WIDESPREAD support has been posted on the social networking site Facebook on a page called Save Clitheroe Bonfire.
It was established by Clitheroe florist Paul Lomax (23) on Thursday morning after he read the Clitheroe Advertiser and Times’ front page article which described how a “breakdown in trust” between the bonfire’s organisers and the local authorities had led to the scrapping of this year’s event.
As the Clitheroe Advertiser went to press, the Facebook page had received more than 1,340 “likes”, with many people also leaving a comment.
Mr Lomax said: “This event has been going on for so long so what has suddenly changed this year? I hope that enough people comment on the Facebook page to make people realise how many people want this event.”
He added: “It has raised thousands for charity and in these hard times those charities need it most.
“An event like this also supports local businesses and we need big events like this and the Torchlight Procession more than ever at the moment.”
Supporters of the Save Clitheroe Bonfire Facebook campaign protested outside Ribble Valley Borough Council Chambers where the Ribble Valley Events Safety Advisory Group (ESAG) was staging a meeting on Monday.
ESAG is made up of representatives from Ribble Valley Borough Council, Lancashire Constabulary, Lancashire Highways Authority, Lancashire Fire and Rescue Service and Lancashire Ambulance Service. It’s chairman is Ribble Valley Borough Council’s Emergency Planning Officer Chris Shuttleworth.
Clitheroe Community Bonfire is organised by the Rotary Clubs of Ribblesdale, Clitheroe and Pendle View, Clitheroe Round Table and Clitheroe Lions, and was due to be staged as usual on Clitheroe Castle Field on Saturday November 3rd.
However, the chairman and vice-chairman of the bonfire committee, Rotarians Richard Dugdale and Bill Barker, both resigned from their positions following what Mr Dugdale described as “a breakdown in trust with ESAG”.
Mr Dugdale and Mr Barker said they felt they could not go ahead with the event because of the constraints placed upon them by ESAG under the chairmanship of Mr Shuttleworth.
Ribble Valley Borough Council chief executive Marshal Scott defended ESAG and said that the group had been helping organisers plan this year’s bonfire in the event of large crowds attending again. Mr Scott added that he had pledged council support for the event, assistance with temporary road closures and traffic management, and offered financial support.
However, protester Lucy Hatherell (41), of Stamford Place, Clitheroe, explained the reason behind Monday’s protest was to question whether ESAG is fulfilling its role which, she said, is to support and advise local people who are organising events.
“There has already been a council report saying it (ESAG) is over reaching its duty. They were told their role is to support and advise not to make demands so that events cannot do ahead.”
She added that ESAG’s duty should be to find a way to make events happen and that it should have made any concerns it had about the bonfire known to its organisers much earlier.
“We are questioning whether ESAG is fit for purpose and how transparent it is,” Lucy explained.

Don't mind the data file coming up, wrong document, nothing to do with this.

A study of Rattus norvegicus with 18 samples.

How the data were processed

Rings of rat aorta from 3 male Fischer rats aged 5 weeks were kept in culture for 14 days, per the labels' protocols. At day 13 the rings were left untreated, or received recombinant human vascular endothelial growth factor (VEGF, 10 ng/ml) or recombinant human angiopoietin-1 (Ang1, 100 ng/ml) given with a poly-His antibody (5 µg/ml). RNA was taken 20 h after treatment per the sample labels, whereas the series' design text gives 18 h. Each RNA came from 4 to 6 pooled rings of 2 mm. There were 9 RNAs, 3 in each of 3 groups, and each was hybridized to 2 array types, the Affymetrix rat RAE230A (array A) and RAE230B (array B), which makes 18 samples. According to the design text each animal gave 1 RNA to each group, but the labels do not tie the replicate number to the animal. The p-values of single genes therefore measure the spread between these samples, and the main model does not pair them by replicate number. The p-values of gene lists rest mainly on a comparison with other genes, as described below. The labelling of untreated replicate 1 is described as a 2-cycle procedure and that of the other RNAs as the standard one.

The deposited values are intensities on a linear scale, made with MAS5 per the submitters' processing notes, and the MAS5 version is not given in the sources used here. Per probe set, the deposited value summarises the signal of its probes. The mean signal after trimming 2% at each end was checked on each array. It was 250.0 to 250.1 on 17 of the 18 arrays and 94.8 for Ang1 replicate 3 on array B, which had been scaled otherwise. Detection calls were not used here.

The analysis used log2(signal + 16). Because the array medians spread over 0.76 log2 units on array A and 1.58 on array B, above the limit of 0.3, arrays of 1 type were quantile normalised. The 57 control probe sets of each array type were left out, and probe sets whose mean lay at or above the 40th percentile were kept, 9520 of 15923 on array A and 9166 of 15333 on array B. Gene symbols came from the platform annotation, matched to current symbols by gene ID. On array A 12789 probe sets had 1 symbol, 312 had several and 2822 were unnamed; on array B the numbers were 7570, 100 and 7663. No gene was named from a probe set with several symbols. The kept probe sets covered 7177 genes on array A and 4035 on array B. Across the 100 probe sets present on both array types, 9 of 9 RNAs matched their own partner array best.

“Where are the minutes from ESAG meetings, who are its members and what health and safety qualifications do they have?”
Lucy added that the Save Clitheroe Bonfire campaigners want to do everything they can to help save this year’s event and encourage people to get involved. She added that the campaign had already attracted high profile backing with support tweeted by Olympians Jon Schofield and Samantha Murray.
Lucy, whose 10-year-old daughter Isabel has been very upset that the bonfire has been cancelled, made all the protestor’s placards.
Natalie Hodson, whose son Logan will be four on November 5th, was also one of the protesters. She said: “It’s a big disappointment for families like us with small children. I’ve been going for seven years, five years as a family, and there have never been any serious problems. It’s one of those events in Clitheroe that you always expect to be there.”
Natalie (28), of The Crescent, Clitheroe, added: “If the bonfire isn’t saved, lots of people will be having their own fires in their back gardens, and that will be far more dangerous.”
Some of the protestors were interviewed yesterday (Wednesday) on BBC Radio Lancashire’s breakfast show.
Ribble Valley MP Nigel Evans, has added his voice to those concerned that Clitheroe Community Bonfire may not go ahead this year.
“I do hope that every effort will be made by every person involved in the organisation of the Clitheroe Community Bonfire to ensure that it goes ahead this year,” said Mr Evans. “No stone should be left unturned to ensure that whatever tensions may exist between parties can be resolved as quickly as possible.
“The Clitheroe Community Bonfire is a delight for people and families from across the Ribble Valley and it has raised thousands of pounds for charities over the years. I sincerely hope that the problems will be swiftly resolved and that people can begin to look forward to a fantastic event.”
A spokesman for Clitheroe Town Council said: “The town council are saddened that there won’t be a community bonfire on the Castle field this year. They wish to thank those organisations who have worked hard over many years to put on this event and make it such a success. The town council are prepared to assist, where possible, if the event can be organised in future years.”